Darren Wilson, the police officer accused of shooting Michael Brown in Ferguson, Missouri, this summer, has been extremely elusive. His name was not released by the police department for some time, and the delay allowed him to seemingly wipe every trace of himself from social media and his home.
Wilson is looking to avoid the media and the public—he has not been seen since August 9—but his absence is starting to impact the job he left behind. It's now being reported that a total of six criminal cases have been dismissed, because Wilson, as the arresting officer, isn't showing up to court to testify.
Ed Magee, spokesperson for the St. Louis County Prosecuting Attorney, told NBC News the cases were all dismissed because Wilson "wasn't available." Wilson will not be penalized for this act, say Magee, adding "We don't get people in trouble for not showing up for court."
Magee told the St. Louis Post-Dispatch that a case dismissed on Monday was the "sixth low-level drug case connected to Wilson to be dropped in recent weeks," though details of the first five closed cases are unknown. This most recent case, brought against Christopher Brooks who was arrested in 2013, was a felony drug charge.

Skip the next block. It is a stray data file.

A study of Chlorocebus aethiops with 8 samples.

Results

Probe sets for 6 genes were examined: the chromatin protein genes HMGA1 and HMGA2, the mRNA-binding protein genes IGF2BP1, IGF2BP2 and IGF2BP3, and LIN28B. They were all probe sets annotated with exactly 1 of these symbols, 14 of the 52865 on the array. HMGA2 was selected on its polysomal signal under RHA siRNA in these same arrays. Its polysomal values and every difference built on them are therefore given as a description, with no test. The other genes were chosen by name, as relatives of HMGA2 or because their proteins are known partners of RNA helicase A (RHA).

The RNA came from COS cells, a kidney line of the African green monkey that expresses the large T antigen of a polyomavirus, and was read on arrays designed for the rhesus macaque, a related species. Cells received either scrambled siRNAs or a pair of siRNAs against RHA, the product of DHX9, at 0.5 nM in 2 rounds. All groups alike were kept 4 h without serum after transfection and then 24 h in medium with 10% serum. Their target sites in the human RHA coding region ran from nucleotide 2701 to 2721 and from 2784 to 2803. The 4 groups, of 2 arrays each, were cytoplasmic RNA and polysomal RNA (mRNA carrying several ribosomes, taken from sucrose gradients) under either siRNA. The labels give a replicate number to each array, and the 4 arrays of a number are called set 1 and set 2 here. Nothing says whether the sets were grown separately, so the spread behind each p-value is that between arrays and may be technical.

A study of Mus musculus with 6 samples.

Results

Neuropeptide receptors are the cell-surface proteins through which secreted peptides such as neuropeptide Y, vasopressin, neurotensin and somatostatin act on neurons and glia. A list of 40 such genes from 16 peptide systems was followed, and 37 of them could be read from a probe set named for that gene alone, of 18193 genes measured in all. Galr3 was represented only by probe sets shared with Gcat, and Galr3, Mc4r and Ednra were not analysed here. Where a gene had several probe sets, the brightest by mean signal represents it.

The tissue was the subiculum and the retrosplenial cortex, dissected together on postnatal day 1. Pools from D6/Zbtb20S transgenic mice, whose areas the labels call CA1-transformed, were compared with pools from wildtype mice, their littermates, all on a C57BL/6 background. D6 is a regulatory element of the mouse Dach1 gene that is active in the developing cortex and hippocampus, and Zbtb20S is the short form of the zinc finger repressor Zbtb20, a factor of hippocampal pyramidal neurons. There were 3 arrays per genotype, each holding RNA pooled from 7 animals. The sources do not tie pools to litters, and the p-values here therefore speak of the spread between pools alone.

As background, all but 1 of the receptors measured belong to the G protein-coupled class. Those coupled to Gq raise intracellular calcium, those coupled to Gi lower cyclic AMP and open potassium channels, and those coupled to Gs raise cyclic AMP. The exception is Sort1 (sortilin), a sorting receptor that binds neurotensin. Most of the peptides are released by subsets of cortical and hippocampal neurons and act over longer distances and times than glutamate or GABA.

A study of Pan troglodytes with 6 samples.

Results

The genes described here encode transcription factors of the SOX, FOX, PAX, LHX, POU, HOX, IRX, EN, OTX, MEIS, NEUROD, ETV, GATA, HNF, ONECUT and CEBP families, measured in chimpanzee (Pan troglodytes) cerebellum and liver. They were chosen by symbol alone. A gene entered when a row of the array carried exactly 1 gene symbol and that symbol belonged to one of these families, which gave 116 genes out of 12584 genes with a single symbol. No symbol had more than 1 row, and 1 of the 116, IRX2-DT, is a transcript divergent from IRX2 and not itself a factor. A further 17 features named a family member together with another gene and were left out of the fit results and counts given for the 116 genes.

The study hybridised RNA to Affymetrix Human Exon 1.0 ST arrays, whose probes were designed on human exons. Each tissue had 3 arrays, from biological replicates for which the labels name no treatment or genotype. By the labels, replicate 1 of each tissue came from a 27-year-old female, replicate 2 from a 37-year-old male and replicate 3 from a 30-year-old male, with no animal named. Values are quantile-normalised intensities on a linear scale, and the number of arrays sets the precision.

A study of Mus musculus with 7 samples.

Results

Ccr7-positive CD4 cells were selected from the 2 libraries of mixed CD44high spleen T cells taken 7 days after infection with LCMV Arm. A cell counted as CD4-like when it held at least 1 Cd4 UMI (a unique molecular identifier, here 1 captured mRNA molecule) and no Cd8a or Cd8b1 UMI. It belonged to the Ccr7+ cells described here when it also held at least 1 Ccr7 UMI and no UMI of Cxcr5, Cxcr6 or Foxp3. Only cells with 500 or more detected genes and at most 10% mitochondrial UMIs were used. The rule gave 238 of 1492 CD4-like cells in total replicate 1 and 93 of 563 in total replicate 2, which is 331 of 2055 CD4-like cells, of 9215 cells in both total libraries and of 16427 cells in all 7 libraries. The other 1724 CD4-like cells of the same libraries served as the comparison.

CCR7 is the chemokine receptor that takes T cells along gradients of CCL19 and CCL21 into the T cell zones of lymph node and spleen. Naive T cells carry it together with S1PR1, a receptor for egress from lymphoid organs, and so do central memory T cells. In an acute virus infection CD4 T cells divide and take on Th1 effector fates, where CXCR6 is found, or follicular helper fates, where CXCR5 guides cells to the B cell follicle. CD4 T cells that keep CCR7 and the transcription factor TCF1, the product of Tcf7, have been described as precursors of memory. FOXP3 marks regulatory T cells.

Wilson was a no-show for September's preliminary hearing in the case, then avoided a grand jury appearance as well. As the primary witness, the case could not proceed without him and the judge ruled to dismiss it. This particular arrest, noted the Post-Dispatch, "had led to a commendation for Wilson in front of the City Council earlier this year." Brooks, however, claimed Wilson had beat him during the arrest while he was handcuffed and helpless.
A grand jury is still reviewing evidence in the case between Michael Brown and Wilson. No charges have been filed yet.